French Open 2014: Caroline Wozniacki beaten in first match since split from Rory McIlroy
Former World No 1 fails to make it past first round at French Open
There will be no "Wentworth moment" for Caroline Wozniacki. Days after her fiancé, the golfer Rory McIlroy, put aside the pain of their parting to win the BMW PGA Championship, Wozniacki lost here in the first round of the French Open. The 23-year-old Dane was beaten 7-6, 4-6, 6-2 by Belgium's Yanina Wickmayer, who stands 50 places beneath her at No 64 in the world rankings.
Although nobody had expected Wozniacki to win the tournament, this was a disappointing performance even by her declining standards. The world No 14, who has won just one title in the last 19 months, was regularly outrallied and outhit by Wickmayer, a powerful if erratic ball-striker.
Wozniacki, who has had knee and wrist injuries recently, said afterwards: "I guess I'm getting old. It's like a car that is 10 years old. All of sudden it starts breaking down. It was great at the beginning and now it needs a service more often."
Facing the media for the first time since McIlroy announced last week that their wedding was off, Wozniacki did not want to talk about her private life but offered thanks for her many messages of support. The former world No 1 went on to say she was "not prepared for something like this and it came as a bit of a shock".
Nevertheless, Wozniacki said she had not considered pulling out of the tournament. "I always wanted to play here," she said. "You need to just keep going and keep moving forward. This is what I do. This is my profession."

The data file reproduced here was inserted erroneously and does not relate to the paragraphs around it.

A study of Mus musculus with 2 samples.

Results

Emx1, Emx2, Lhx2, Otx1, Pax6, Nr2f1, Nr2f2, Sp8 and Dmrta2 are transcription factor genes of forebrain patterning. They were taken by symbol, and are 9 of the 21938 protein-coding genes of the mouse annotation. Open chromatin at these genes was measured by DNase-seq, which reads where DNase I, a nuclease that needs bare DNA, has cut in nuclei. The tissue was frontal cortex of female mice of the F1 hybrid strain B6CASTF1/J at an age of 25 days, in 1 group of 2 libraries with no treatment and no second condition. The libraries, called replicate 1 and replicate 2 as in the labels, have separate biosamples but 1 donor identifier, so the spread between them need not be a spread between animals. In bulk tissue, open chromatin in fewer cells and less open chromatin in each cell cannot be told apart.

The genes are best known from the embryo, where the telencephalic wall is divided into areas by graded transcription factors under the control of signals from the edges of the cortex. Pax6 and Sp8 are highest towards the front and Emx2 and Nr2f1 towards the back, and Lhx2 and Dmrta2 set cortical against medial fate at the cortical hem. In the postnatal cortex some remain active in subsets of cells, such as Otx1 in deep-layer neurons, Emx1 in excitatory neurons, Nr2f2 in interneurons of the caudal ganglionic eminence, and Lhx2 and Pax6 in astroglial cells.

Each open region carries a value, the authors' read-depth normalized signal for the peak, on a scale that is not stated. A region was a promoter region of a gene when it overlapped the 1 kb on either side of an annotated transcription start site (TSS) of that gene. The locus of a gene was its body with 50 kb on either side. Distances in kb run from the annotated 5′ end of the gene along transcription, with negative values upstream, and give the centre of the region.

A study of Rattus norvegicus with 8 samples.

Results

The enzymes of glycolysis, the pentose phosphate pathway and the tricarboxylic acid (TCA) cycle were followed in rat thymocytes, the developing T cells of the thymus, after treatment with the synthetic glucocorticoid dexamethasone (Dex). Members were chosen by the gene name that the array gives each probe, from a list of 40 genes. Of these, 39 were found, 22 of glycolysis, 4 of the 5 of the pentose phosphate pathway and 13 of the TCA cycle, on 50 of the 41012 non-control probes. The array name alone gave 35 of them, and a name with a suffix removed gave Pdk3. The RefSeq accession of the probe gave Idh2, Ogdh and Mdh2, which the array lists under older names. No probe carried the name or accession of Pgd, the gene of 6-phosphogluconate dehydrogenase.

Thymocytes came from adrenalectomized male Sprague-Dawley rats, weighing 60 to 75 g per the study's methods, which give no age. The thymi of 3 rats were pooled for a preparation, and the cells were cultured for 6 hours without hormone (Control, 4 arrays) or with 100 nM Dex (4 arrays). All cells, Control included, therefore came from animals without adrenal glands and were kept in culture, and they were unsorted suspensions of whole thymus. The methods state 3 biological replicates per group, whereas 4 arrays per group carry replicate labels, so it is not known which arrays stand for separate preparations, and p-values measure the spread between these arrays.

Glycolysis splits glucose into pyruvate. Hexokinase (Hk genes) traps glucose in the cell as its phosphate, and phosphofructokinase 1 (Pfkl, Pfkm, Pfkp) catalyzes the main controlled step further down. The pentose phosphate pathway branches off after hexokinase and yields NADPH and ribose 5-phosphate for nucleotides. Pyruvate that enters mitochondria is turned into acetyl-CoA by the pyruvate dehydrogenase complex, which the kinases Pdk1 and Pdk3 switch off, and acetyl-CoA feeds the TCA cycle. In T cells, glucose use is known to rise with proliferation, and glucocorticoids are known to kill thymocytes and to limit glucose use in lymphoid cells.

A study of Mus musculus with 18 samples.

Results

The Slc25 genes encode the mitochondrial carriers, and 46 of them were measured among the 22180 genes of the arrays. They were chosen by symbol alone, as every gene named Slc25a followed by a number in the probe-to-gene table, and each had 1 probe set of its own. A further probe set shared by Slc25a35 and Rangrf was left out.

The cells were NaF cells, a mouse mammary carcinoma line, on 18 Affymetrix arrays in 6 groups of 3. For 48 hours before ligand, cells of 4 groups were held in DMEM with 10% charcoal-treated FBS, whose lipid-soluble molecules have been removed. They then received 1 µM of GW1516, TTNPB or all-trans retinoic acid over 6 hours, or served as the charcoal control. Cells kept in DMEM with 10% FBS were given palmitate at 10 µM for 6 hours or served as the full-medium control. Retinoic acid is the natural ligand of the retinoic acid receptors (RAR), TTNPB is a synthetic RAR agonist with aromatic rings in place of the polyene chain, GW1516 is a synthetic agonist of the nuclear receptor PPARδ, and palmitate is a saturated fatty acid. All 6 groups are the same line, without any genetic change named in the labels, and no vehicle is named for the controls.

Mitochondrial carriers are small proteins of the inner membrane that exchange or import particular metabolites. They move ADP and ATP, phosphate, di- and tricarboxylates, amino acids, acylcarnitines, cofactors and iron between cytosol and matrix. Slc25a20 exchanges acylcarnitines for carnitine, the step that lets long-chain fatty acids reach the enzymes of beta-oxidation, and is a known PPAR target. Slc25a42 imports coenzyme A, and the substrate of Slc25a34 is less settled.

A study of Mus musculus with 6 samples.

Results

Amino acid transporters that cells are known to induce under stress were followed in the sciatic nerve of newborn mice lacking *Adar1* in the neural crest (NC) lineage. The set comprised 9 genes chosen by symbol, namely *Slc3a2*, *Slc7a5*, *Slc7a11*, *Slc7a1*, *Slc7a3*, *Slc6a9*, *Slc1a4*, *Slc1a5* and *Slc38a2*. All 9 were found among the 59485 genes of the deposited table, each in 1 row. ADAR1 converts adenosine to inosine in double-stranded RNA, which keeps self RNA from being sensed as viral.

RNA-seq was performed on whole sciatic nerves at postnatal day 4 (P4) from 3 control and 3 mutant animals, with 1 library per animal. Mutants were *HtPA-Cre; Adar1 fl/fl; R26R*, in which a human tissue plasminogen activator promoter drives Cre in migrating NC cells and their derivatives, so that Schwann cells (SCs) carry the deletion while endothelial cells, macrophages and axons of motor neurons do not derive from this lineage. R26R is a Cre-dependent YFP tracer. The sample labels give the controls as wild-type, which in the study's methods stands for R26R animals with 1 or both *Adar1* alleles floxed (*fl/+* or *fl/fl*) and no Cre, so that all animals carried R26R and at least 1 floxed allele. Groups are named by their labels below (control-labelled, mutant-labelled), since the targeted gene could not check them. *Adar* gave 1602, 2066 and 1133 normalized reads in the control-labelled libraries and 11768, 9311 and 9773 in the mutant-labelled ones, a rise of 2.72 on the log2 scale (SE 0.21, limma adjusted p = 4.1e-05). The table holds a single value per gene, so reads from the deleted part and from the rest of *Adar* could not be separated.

Wozniacki appears determined to put a brave face on her situation. She was out on the town on Sunday night with her good friend, Serena Williams, and could hardly have chosen a brighter outfit out on Court Two. On a chilly afternoon Wozniacki wore a bright green skirt and an orange, white and pink long-sleeved top.
While Wickmayer had the support of her fellow Belgian, Kim Clijsters, Wozniacki's entourage was led by her father, Piotr, who is also her coach. "I think your family will always be there for you no matter what happens," Wozniacki said. "I think it's great to have that base or that support so close to you."
Chris Evert, who knows all about the pain of failed engagements after her wedding to Jimmy Connors was called off in 1974, expressed sympathy with Wozniacki. The six-times French Open champion, now a commentator for ESPN, said she was not surprised by Wozniacki's break-up.
"I look back at Jimmy and I," Evert said. "To look at two players that are in the prime of their career and are striving to be No 1 and don't see each other… I was married in my twenties to my tennis. That was the only way I could put all my emotions and energies into that goal. I was in awe that it worked as long as it did. I can't believe it.
"They must be just different kind of people. I understand 100 per cent that you're married to your career. You're using your emotions. You're using the mental capacity that you have. You're putting everything into it. That's what it takes to be the best."